Coast Guard Cutter Healy Deployment Includes Extensive Seafloor Mapping

Coast Guard cutter Healy
The Coast Guard cutter Healy transits Elliot Bay off Seattle on Nov. 20, on its return to homeport after a 133-day deployment during which the crew circumnavigated North America via the Northwest Passage. Courtesy photo by James Brady via the U.S. Coast Guard.

The crew of the U.S. Coast Guard cutter Healy has returned to their Seattle homeport after a 22,000-mile, 133-day deployment circumnavigating North America, during which they mapped over 20,000-square kilometers of seafloor, including 12,000 square kilometers of previously unmapped regions.

The Healy also provided U.S. surface presence in the Arctic, supported high-latitude oceanographic research missions, participating in an international search-and-rescue exercise and exercises with surface vessels from the U.S., Canadian and Mexican navies.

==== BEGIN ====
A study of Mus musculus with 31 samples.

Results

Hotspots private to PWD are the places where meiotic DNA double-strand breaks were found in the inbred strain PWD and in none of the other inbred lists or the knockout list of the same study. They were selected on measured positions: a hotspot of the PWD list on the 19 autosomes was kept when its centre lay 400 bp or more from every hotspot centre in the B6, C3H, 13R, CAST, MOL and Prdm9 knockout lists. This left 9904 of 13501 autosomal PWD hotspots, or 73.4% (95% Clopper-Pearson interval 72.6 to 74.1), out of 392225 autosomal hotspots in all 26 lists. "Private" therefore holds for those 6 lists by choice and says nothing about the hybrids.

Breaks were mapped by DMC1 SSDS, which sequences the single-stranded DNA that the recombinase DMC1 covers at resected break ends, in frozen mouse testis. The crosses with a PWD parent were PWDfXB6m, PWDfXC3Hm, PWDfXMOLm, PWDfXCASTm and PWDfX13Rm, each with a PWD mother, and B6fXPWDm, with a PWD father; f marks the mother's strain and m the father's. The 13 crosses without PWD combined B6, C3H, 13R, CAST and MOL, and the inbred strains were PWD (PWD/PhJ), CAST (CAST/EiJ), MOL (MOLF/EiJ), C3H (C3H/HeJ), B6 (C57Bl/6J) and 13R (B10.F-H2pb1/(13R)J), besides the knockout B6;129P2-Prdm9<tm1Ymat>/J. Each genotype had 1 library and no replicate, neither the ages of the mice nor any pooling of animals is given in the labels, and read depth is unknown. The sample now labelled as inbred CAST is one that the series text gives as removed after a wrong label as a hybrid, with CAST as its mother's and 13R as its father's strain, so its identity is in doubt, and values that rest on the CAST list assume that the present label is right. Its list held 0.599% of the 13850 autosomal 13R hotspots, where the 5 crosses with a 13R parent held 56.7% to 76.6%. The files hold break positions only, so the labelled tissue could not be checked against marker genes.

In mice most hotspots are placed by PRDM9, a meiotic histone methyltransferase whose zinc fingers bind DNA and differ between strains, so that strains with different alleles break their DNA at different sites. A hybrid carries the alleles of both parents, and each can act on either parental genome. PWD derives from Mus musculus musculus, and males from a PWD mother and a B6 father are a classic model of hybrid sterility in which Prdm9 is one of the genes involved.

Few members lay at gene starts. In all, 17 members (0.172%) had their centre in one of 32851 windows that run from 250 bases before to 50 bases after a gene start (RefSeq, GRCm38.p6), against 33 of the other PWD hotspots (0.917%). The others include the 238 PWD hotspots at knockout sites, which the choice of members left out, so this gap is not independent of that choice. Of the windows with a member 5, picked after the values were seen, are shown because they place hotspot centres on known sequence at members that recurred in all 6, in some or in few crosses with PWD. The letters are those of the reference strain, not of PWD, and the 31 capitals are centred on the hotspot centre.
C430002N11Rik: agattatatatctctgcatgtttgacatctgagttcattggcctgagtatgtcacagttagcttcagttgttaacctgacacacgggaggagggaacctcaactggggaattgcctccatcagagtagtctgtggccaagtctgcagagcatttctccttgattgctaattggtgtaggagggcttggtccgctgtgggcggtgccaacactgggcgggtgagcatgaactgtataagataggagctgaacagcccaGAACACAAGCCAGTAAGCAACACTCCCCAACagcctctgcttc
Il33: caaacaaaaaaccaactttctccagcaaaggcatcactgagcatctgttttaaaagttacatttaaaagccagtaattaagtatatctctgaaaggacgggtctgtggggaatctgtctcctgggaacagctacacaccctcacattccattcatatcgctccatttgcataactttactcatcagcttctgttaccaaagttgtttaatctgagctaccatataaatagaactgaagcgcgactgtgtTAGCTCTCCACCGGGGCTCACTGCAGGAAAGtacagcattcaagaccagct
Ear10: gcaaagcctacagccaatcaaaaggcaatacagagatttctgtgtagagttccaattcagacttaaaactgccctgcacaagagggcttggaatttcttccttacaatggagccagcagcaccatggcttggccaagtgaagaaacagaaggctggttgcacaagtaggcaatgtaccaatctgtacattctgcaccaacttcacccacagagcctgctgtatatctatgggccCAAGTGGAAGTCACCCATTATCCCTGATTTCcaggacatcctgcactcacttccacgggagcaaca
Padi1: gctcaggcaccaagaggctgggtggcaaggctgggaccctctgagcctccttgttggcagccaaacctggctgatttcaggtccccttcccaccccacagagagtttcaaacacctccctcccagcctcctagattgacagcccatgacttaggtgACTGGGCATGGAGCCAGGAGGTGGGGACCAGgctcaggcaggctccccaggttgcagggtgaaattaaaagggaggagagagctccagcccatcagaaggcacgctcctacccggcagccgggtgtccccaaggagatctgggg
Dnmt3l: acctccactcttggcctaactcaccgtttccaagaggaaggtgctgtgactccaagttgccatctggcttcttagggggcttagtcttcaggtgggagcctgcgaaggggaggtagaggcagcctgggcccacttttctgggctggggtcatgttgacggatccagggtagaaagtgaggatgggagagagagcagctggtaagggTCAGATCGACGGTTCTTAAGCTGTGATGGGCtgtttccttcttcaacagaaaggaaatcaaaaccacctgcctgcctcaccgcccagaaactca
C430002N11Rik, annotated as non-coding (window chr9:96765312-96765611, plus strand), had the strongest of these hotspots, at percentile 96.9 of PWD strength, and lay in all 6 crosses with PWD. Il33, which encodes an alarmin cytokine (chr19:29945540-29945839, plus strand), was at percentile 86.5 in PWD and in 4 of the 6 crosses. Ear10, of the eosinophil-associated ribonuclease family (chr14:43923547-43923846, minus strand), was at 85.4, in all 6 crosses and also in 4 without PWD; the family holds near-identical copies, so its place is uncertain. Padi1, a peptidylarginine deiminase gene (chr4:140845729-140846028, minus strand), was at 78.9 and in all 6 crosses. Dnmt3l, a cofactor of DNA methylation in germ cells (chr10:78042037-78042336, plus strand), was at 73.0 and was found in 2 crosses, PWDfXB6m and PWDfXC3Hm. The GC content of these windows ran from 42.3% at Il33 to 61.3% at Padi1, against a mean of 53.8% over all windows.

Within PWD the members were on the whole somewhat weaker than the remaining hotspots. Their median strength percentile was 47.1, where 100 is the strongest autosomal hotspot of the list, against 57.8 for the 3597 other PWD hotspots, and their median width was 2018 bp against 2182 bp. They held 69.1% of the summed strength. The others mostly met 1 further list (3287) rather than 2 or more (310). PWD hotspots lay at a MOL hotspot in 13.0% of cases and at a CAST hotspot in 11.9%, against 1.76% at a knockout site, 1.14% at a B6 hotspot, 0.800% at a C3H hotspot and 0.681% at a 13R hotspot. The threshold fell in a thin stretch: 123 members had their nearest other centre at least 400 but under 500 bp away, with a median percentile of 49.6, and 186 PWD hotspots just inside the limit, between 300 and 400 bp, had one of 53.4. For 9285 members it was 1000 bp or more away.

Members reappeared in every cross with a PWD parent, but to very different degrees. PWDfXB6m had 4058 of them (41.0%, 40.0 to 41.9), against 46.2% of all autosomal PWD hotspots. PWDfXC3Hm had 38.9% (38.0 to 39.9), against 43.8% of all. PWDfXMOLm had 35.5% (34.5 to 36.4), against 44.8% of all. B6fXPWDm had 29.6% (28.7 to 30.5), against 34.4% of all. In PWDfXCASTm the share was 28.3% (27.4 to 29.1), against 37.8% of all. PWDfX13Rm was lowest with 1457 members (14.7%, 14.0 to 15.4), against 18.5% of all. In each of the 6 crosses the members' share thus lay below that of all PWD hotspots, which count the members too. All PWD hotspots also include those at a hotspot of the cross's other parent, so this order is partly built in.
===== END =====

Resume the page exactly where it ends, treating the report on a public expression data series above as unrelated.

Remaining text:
The crew also hosted members of the international science community and institutions from the U.S., Canada, Norway and Denmark that were conducting oceanographic research throughout the Arctic, including the Northwest passage and within Baffin Bay to monitor environmental change.

The Healy traveled north of Canada via the Northwest Passage, to rendezvous with the Canadian Coast Guard and Canadian Rangers for a search-and-rescue exercise. Then the Healy traveled south of Mexico via the Panama Canal on their way home, The deployment supported the Coast Guard’s Arctic Strategy while providing critical training for future icebreaker sailors.

Healy’s commanding officer, Capt. Kenneth Boda, said his crew demonstrated tremendous dedication to duty while carrying out the Coast Guard’s Arctic mission, operating in some of the harshest regions of the world.

While transiting south on the East Coast of the U.S. and north up the West Coast of Mexico, the Healy engaged in multiple outreach events, including passing exercises, professional exchanges and embarking distinguished visitors to bolster relations with other nations.

“They assisted teams of scientists in gathering invaluable data and information throughout the deployment,” Boda said. “This research will be shared with laboratories, universities and institutions around the world to support research focused on the changing Arctic environment.”